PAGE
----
Petrelli stopped by every few minutes to observe Yi's technique and to unwrap a foil or two and see how the color was progressing. Any sort of color is nerve-racking enough with a professional stylist; it takes a lot of attention to time to make sure the color in one section of the head doesn't outpace the rest. Three times during the highlight, Yi shampooed out the sections of my hair that had reached the right shade of blond.
It was about two hours before she did a final wash of my hair and another 15 minutes for it to be blow-dried. Then came the moment of truth. To my eye, the highlight was, as Licari says, very believable.
As the client, ordinarily I'm the only one who needs to be pleased. Here, however, there was an audience. As Petrelli combed through my hair to check Yi's work, the rest of the stylists in training were standing close by to check it out.
If I had been to the salon during regular business hours, I could have had my car parked by a valet, but I lucked out with free curbside parking. Meters on Rodeo Drive run only till 6 p.m. -- exactly the time that training cuts begin at this Frenchified salon.
Country chic, with yellow sponge-painted walls, a fountain and wood floors, the Fekkai spa and salon is separated into two rooms. To the left are his beauty products. To the right is a roomy hair salon where half a dozen stylists in training are getting their clients situated for the night's cuts and colors.
Checking in, I saw exactly how much everything would have cost if I were here during regular hours. Cuts run from $95 to $290; color starts at $75. Each is just $30 on training night. I was there for a cut. My Vidal Sassoon trim of a month earlier had grown out.
Lito was my stylist. He's been working at the salon five years -- first as an assistant shampooing hair, and for the last three years doing dry hair treatments and blow-drys. He's been cutting hair at Fekkai training nights all five years and hopes that this summer he may finally be approved to cut hair on full-paying clients.
The beginning of my appointment was the usual MO. I changed into a gown and had a seat in a chair to face myself in the mirror. Lito combed through the wreckage. It wasn't difficult for him to identify the breakage from perpetual use of a hair clip. When he asked what I had in mind, I told him "something radical."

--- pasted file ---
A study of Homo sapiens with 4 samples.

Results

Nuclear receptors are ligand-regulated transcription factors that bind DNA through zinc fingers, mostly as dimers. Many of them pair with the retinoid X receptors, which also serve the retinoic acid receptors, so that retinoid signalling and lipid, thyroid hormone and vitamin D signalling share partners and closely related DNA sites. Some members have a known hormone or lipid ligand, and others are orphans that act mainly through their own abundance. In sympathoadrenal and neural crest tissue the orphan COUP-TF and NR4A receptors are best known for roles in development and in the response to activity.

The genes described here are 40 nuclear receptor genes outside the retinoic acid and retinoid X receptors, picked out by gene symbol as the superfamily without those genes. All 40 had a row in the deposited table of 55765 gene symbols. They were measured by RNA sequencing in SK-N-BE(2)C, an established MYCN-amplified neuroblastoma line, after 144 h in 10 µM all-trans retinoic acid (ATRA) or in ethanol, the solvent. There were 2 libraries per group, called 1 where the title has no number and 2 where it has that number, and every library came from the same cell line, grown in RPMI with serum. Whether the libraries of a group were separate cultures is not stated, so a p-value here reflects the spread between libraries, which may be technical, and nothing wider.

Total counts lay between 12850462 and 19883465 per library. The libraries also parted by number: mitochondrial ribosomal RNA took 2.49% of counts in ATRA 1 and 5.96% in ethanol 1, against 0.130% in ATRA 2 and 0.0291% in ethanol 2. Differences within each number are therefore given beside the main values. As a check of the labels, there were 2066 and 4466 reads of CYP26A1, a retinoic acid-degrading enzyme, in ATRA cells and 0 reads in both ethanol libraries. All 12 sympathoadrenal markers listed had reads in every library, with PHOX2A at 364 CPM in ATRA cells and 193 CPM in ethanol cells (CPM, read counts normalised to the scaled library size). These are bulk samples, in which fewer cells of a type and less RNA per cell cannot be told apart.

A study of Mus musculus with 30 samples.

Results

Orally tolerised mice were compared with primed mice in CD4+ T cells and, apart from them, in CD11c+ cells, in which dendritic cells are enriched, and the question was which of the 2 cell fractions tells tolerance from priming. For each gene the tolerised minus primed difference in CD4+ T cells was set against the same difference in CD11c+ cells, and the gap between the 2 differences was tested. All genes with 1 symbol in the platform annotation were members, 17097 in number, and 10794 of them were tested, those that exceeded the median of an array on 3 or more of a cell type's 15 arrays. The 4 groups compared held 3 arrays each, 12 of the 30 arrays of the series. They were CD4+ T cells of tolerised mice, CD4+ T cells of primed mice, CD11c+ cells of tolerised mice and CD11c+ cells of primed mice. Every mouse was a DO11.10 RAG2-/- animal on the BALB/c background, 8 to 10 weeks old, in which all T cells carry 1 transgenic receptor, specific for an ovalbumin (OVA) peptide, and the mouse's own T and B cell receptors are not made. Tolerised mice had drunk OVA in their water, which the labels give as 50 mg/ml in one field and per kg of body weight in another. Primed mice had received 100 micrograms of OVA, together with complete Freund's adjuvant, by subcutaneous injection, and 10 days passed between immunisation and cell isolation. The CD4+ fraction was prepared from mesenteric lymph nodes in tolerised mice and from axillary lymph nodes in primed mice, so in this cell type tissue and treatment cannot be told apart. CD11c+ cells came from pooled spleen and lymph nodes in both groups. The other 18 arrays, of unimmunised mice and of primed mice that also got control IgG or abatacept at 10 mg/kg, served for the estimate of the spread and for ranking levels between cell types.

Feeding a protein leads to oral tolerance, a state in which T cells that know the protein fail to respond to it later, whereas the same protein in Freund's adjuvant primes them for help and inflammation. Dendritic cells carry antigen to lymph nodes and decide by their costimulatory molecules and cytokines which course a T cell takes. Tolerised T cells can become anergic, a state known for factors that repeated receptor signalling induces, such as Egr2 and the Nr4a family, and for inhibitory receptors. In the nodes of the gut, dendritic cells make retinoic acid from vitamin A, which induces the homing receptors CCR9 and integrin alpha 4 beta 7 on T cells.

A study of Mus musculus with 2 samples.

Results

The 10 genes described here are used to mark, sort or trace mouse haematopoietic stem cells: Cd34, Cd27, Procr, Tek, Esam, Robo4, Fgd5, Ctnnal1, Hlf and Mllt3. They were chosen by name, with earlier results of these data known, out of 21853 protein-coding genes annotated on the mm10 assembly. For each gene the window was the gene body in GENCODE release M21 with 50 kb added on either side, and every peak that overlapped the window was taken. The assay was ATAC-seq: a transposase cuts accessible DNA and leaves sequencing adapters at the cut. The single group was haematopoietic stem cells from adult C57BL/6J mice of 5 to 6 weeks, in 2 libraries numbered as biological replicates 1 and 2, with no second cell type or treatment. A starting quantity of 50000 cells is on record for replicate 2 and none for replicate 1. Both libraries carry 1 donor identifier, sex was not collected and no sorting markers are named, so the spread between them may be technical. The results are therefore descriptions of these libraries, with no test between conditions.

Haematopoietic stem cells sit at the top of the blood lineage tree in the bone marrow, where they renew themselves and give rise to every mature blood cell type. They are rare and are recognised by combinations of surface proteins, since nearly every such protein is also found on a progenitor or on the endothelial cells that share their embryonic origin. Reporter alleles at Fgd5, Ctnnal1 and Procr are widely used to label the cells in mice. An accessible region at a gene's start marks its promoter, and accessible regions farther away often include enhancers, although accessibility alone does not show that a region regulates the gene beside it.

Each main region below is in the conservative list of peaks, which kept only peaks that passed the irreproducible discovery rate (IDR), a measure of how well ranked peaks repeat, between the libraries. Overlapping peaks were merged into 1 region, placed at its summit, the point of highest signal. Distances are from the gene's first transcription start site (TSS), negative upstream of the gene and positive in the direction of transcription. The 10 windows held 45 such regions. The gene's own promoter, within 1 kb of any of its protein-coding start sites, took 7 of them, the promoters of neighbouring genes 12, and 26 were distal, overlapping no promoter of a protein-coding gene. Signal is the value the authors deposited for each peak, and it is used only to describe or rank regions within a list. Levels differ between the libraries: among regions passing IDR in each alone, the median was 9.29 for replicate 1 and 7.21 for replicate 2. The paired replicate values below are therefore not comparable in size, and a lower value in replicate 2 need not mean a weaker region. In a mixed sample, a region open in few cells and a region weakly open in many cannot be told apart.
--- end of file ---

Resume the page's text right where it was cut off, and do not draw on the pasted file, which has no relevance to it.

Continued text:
In the month since I'd visited Sassoon, the new year had come and gone. I was ready. If I hadn't already tested a few training sessions, I may not have chosen to change my hair dramatically with an amateur, but the teacher to student ratio at Fekkai is 2 to 1. I felt I was in good hands.
Lito suggested shearing off about 6 or 7 inches and giving me a bob, cutting my hair at the breakage point in back. Instructor Vanessa Swartmans agreed, but she suggested a graduated bob that lengthened toward the front. She asked me to stand up and turn my head to the left, then the right, to assess my profile. She and Lito agreed: It was decent enough for a bob.
The salon's top designer, Maurice Dadoun, stopped by next. He and Frederic Fekkai himself both worked at the Jacques Dessange salon in Paris. Dadoun has been at Fekkai's Beverly Hills salon since it opened in 1998.
Because my hair is fine and light-colored, Dadoun said the cut would be tricky. "It's beautiful when properly done and if not, it looks terrible."
Lito was trying not to show it, but I could sense he was feeling pressure.
"Clients come to you not for something safe but for something special," Dadoun continued. "Something that makes them feel unique."
At Fekkai, the philosophy is "total beauty." A haircut and color are just a piece of the puzzle. If I were a regular client, my stylist would also have weighed in with makeup and clothing tips.
Lito washed my hair, letting me know which Fekkai products he was using, even though the register in the other room was already closed and I wouldn't have been able to buy them. Back at the chair, Dadoun swung by to explain exactly what Lito needed to do. He demonstrated by cutting a portion of the first layer. He left Lito to begin his work, but Dadoun was never out of the picture more than five minutes during the cut.
Neither Lito nor Dadoun were letting on, but I got the impression Lito had never done this cut. To them, that's a good thing. It's a learning experience. To me it was nerve-racking.
Coming into the final, trickiest stretch, connecting the back with the front, I overheard Dadoun and Swartmans chatting in their native French. My high school French couldn't keep up with everything they were saying, but I could swear I heard Dadoun use the word "peur," or scared. I wasn't sure who they were referring to: me, Lito or themselves. It was probably everyone.
Swartmans instructed Lito on how to properly angle the scissors, and he finished up. After a blow-dry, Dadoun swooped in with his scissors for a little cleanup. And voila: A complete transformation in an hour and a half.